Quality Nutrition – Why It’s So Vital for Young Hockey Players

It’s not just a breakfast of champions that helps develop young hockey players. It takes good nutrition at lunch and dinner and maybe not so much pre- or post-game refueling at the Golden Arches to ensure their peak performance.

Good nutrition is important for every athlete who strives to do their best. It’s particularly important for young hockey players, but surprisingly enough, not something their parents necessarily buy into. In fact, a survey by the Allstate All-Canadians program found that only 17 percent of responding parents thought nutrition was important to on-ice success.

Unfortunately, that kind of mindset is not what it takes to create a Stanley Cup winning player.

Good nutrition is key to driving an athlete to consistently do his or her best, and it’s particularly true for young players who need the right kind of energy to get them through hockey practice, school and an otherwise full day, and maybe a game at night.

It starts with breakfast, says Jarret Reid, a former pro hockey player who now works as a power skating hockey instructor at Wave Sports Centre in Burlington, Ontario. “Kids are in too much of a hurry or not sure what to eat, and so may just grab sugary stuff that’s there,” Jarret Reid adds. “That gives short-lived energy, and not of the quality they need to fuel them on the ice.”

Instead, Reid points to one selection from each of four categories – fruit, protein, whole grain and fluid, in combinations that appeal and can be assembled quickly and easily.  Make a whole grain frozen waffle sandwich with peanut butter and banana slices and a glass of soy milk. Or load a serving of organic or Greek yogurt with blueberries, sunflower seeds and/or granola for sweetness and crunch.

Especially before and after games (and, actually, all day), the body needs to be refueled, so it has enough stored energy to get hockey players through the game. Again, it’s a combination of healthy choices that will do the most good. This means carbs that have staying power like brown rice, quinoa or a sweet potato. Steamed vegetables are good, too, especially the green ones that give the young athlete iron and fiber. And lean protein like chicken or salmon is important for all the sweating that comes with their skating.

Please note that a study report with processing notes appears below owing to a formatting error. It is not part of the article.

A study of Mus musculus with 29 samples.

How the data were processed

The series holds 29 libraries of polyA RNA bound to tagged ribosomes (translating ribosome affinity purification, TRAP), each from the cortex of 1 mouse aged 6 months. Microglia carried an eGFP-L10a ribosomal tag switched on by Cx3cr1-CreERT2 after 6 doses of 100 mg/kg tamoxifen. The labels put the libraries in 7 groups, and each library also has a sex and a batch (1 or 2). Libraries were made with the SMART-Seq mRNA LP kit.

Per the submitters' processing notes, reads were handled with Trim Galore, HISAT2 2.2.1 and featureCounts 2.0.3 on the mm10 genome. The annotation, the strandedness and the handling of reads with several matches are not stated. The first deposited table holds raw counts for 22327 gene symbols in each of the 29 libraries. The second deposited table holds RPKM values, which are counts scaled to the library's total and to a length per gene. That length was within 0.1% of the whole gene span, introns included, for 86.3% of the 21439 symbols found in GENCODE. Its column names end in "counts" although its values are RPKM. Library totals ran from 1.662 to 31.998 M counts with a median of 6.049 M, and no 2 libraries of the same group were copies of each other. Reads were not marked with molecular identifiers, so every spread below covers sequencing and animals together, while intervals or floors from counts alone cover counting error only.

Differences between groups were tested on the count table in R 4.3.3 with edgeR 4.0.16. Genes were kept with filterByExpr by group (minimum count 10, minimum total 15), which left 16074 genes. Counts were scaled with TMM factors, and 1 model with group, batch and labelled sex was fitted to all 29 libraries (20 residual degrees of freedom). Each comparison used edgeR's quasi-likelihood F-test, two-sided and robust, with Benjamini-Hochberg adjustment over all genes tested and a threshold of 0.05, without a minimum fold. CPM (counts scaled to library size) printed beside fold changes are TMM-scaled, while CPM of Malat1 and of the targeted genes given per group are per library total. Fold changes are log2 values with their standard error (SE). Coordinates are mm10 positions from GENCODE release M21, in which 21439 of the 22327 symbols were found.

Gary Roberts, another Ontario NHL pro turned hockey coach, said young players should eat a substantial meal three hours before the game, while a post-game protein shake will help them immediately refuel until they can eat within an hour. “If you make a meal plan, you know you and your kids won’t have to chase down fast food after the game to satisfy the hunger,” he tells Today’s Parent.

Hydration is something else that young players shouldn’t neglect. It’s not just during the game that drinking water is important. Reid recommends hockey players keep a water bottle routinely at hand. “If they wait until they’re thirsty, they’ve already lost 1 or 2 liters of water by that stage,” he says. “And if it happens when they’re on the ice, they can see their performance impeded by as much as 20 percent.”

And sports drinks should be consumed with discretion. They are typically recommended for more intense, long-lasting athletics and aren’t necessary for most young hockey players. But for the most competitive, beginning at the bantam stage, they may help for recovery purposes – not before the game. Their high sugar content could result in a sugar crash at an inopportune time.

Good training, coaching and the right equipment help make good hockey players. But it takes good nutrition to keep their performance up to consistently high standards.